Wednesday, July 13, 2011

Kakasaheb Gadgil: A Front-ranking Freedom Fighter and Nationalist-Dr. Ravindra Kumar

A great nationalist and an astute parliamentarian, an educationist and organizer Narhar Vishnu Gadgil, affectionately called as Kakasaheb, was among those on the forefront of national liberation movement of India under the leadership of Mahatma Gandhi and one of a dozen leaders engaged to rebuild the nation after freedom.
Born on January 10, 1896 at Malhargarh, Central Province, Narhar Gadgil was the son of Radha and Vishnu Narayanrao Gadgil, belonging to a Chitpawan Brahmin family of Maharashtra. At the time of birth of Narhar his father Vishnu Gadgil was posted at Malhargarh as a railway employee. Due to the sudden demise of his wife Vishnu Gadgil himself took care of primary education of Narhar at Malhargarh. However, in 1909 he could manage for Vishnu to study at Nutan Marathi Vidyalaya of Pune. Later he studied at Ferguson College and the Law College of Pune and after obtaining a Graduate Degree in Law from the Law College of Bombay he finally started practicing in Pune.
The city of Pune was the Karmabhoomi of Lokmanya Tilak, thus the main centre of activities relating to freedom movement of India. Narhar Gadgil, who during studies had filled nationalism and patriotism in him, couldn’t remain unaffected of those activities. Hence, in 1915 he besides meeting Mahatma Gandhi at Pune Railway Station also participated in the Congress Session held in Bombay.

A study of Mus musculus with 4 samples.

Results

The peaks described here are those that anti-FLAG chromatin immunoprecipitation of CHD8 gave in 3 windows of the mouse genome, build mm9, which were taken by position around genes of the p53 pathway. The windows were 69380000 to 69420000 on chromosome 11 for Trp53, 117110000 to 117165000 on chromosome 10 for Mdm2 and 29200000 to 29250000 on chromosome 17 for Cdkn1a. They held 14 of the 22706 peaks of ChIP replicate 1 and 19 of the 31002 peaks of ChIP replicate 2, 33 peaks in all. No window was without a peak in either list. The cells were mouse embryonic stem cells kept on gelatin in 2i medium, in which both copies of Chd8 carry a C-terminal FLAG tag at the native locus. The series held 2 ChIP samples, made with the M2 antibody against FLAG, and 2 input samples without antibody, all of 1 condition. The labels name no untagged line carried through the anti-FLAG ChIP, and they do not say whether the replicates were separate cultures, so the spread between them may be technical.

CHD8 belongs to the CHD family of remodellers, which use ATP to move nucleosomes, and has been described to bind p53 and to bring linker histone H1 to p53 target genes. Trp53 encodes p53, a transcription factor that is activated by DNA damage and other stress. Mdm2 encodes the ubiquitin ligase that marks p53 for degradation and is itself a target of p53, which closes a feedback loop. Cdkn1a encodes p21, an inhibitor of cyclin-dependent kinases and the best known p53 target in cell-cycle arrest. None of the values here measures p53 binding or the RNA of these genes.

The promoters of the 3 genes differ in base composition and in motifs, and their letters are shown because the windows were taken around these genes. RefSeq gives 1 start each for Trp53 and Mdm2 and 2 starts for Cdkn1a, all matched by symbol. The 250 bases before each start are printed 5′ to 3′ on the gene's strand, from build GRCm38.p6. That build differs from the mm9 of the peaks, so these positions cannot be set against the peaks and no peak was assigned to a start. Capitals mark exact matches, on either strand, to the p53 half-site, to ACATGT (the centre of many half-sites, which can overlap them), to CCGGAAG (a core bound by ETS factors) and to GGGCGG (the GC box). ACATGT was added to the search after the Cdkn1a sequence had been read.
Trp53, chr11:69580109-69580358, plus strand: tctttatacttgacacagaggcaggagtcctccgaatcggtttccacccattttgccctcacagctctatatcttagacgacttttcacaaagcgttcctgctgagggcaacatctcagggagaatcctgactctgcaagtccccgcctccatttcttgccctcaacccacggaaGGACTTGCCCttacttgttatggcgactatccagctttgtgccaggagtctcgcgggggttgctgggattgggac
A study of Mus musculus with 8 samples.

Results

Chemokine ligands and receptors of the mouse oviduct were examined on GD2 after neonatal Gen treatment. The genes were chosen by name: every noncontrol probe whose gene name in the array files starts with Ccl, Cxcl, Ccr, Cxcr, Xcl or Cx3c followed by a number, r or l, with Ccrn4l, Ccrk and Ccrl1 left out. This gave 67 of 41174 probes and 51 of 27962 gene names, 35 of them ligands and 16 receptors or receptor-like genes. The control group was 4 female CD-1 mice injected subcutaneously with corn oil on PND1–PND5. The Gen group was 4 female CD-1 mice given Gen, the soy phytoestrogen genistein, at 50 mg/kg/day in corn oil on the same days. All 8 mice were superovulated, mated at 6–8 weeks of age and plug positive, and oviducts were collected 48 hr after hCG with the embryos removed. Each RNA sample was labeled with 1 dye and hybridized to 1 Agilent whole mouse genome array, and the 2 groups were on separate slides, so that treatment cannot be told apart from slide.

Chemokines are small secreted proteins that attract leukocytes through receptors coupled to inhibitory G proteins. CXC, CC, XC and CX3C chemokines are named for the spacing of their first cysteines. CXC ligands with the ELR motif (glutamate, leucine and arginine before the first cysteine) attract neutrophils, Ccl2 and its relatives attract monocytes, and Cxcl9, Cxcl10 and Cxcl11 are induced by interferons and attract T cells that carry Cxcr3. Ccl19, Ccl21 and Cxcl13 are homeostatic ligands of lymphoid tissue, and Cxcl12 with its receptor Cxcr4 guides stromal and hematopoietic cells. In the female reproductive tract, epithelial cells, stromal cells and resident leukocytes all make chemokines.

After the death of Lokmanya Tilak, at the call of the Mahatma he jumped into national liberation movement on August 1, 1920 and soon became one of the staunch followers of Gandhi. His trust in the Mahatma could be observed from a portion of the confidential report sent in 1930 by the Intelligence Department of Bombay State to the Secretary for the Department of Home, India in which it was mentioned, “He [Gadgil] is not ready to listen to anyone except the Mahatma …”      
On the strength of his organizational abilities and tireless efforts in connecting people to freedom movement Gadgil emerged a national leader in a short span of time. Along with becoming a member of the AICC and the CWC he was many times elected as the President of Maharashtra Prantik Congress Committee between 1922 and 1947. The credit goes to Gadgil to connect known people from the Backward Communities to organization and freedom movement. The name of Keshavrao Jedhe can especially be mentioned here in this context.
Kakasaheb Gadgil was a prominent leader of Civil Disobedience Movement [1930], Individual Satyagraha [1940] and Quit India Movement [1942]. Due to his nationalistic activities he was arrested six times during 1930-32, which itself was a record of the history of freedom movement, and is still a source of inspiration for nationalists and patriots.    
He was an astute parliamentarian and noted for his radical views in Parliament [1934-57]. There he became the stoutest champion of progressive causes. He was an able administrator also. As a member of the first Cabinet of independent India [1947-52] he took initiatives for so many known national power-projects including Bhakra-Nangal [Punjab], Hirakund [Orissa], Rihand [U.P.] and Kakarapara [Gujarat]. He played an important role in construction and reconstruction of many national high ways and diplomatic enclaves like Chanakyapuri in New Delhi. Moreover, as a Governor of undivided Punjab [1958-62] he significantly contributed for the maturity of democratic institutions.
Kakasaheb Gadgil was an eminent writer and scholar.  He authored so many books in Marathi and English languages. His services for Hindi and Marathi Sahitya Sammelan, the Rashtrabhasha Prachar Samiti and the Marathi Sahitya Sabha, along with his contribution to the development of the Indian Institute of Public Administration and the Indian Council of World Affairs will be remembered for a long.
Kakasaheb Gadgil left for his heavenly abode on January 12, 1966 in Pune.